WASHINGTON (CN) - A scallop fishery's future effects on threatened loggerhead turtles deserve closer government attention, a federal judge ruled.
Oceana brought the loggerhead challenge at issue, its third in 13 years, over a 2012 biological opinion by the National Marine Fisheries Service, which found that the Atlantic Sea Scallop Fishery would not jeopardize the continued existence of the population of loggerhead sea turtles in the Atlantic Northwest
The fishery uses dredge and bottom-trawl vessels to catch scallops, and regulators determined that they system would also catch 301 loggerheads in 2012, of which 195 would die.
They predicted that technological advancements would eventually drop that number to 122.
Loggerheads are listed as threatened under the Endangered Species Act, and Ocean said that the government agency's "arbitrary and capricious" opinion disregarded the language and the spirit of the ESA.
For NMFS, however, the loss of life alone did not qualify as a threat to the continued existence of the loggerheads in that region. Pointing to the current estimated size of the region's loggerhead population, among other factors, it deemed the species strong enough to withstand the scallop fishing.
Oceana nevertheless claimed that NMFS had ignored the effects of climate change and the comments that Oceana submitted on the issue. It said the agency had failed to establish adequate monitoring processes to ensure that the fishery's operation does not exceed limits on the number of loggerheads that lawfully can be harmed.
U.S. District Judge Paul Friedman found Wednesday that the biological opinion sufficiently explained how NMFS reached its no-jeopardy determination.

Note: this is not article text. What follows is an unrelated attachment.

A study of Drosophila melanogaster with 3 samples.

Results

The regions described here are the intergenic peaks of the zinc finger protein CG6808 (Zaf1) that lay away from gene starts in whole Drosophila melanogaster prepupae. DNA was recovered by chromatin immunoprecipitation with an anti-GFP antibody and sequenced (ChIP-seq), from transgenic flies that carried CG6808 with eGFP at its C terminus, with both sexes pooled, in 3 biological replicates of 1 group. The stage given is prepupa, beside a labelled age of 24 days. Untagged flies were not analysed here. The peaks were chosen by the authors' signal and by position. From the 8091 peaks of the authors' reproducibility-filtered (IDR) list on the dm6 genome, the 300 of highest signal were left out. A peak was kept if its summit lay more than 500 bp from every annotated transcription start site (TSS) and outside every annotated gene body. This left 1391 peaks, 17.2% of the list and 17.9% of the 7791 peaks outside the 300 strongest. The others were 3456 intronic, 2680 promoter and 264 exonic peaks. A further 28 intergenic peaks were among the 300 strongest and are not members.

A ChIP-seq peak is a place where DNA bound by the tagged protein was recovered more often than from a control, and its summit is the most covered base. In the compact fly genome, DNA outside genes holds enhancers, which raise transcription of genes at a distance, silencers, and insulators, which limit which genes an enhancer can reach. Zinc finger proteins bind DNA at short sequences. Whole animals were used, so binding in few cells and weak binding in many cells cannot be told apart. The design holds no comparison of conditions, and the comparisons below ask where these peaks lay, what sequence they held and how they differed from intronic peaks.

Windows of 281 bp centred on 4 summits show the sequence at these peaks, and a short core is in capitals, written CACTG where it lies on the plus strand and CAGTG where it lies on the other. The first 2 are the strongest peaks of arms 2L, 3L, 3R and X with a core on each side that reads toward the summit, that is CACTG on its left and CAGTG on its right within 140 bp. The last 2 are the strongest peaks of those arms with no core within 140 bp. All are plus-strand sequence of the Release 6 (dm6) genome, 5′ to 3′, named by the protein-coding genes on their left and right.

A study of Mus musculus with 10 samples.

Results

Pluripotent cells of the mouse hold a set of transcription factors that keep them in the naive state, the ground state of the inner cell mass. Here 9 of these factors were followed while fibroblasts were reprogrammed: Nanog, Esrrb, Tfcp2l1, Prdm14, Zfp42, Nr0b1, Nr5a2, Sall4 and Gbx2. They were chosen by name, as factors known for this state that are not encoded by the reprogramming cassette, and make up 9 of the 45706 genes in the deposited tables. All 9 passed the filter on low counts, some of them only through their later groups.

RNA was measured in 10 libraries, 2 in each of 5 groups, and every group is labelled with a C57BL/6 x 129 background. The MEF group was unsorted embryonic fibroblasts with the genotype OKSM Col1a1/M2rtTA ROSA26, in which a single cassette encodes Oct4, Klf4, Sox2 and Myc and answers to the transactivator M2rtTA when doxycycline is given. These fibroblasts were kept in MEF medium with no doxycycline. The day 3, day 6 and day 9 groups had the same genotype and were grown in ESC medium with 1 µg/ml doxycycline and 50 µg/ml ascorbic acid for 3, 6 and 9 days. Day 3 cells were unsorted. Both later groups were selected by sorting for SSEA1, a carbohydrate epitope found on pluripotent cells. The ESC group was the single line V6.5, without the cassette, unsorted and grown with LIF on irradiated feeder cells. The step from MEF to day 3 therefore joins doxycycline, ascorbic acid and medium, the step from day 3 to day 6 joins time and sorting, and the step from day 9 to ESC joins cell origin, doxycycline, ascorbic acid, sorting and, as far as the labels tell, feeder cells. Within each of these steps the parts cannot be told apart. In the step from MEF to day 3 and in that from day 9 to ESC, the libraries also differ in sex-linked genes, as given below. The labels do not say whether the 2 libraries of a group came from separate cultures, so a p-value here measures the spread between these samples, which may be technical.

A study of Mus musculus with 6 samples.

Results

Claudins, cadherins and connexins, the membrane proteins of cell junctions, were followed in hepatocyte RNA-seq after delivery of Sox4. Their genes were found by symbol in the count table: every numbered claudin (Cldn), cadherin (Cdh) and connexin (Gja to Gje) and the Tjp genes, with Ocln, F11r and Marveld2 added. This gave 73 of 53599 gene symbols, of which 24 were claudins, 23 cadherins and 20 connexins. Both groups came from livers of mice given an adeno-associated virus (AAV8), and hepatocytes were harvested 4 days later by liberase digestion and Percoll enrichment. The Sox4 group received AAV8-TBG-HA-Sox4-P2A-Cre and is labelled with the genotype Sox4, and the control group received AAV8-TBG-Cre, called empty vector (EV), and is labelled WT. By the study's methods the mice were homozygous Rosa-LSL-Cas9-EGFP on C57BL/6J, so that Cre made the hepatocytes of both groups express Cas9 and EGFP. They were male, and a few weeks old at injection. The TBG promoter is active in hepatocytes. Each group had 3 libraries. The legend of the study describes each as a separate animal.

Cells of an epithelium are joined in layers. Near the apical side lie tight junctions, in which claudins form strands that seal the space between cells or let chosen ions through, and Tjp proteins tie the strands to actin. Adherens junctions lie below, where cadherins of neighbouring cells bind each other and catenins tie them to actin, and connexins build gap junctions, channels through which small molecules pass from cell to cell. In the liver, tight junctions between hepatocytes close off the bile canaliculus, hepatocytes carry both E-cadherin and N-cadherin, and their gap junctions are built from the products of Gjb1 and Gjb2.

The opinion also sufficiently indicates consideration of cumulative effects and the impact of other fisheries, the court found.
Oceana did, however, justify its challenge to the NMFS monitoring process, according to the ruling.
Friedman said that the NMFS opinion "fails to sufficiently explain how the specific number of dredge hours that NMFS has chosen as a monitoring surrogate adequately serves as a proxy for the numerical take limit of 161 loggerheads."
Further, the NMFS's summary of its trawl monitoring does not explain how the fishery will be able to take immediate action if it accidentally catches too many sea turtles.
"Given these serious uncertainties about the effectiveness of the five-year monitoring framework, the court must remand to the agency so that it can either provide a more thorough explanation of its choice, or, if unable to do so, reach a different conclusion," Friedman wrote.
Although Friedman remanded back to the NMFS the parts of its opinion that address monitoring accidental turtle catches at the fishery, the judge allowed the agency to continue using its existing monitoring tools while it re-evaluates its process.
Overall, Friedman determined that NMFS has sufficiently proven that the fishery operations will not impede the loggerhead turtle's continued population growth, despite some collateral damage.
Among other evidence of strength in the population, the NMFS had noted factors like wide dispersion, promising recent nesting trends, and the ongoing implementation of conservation measures.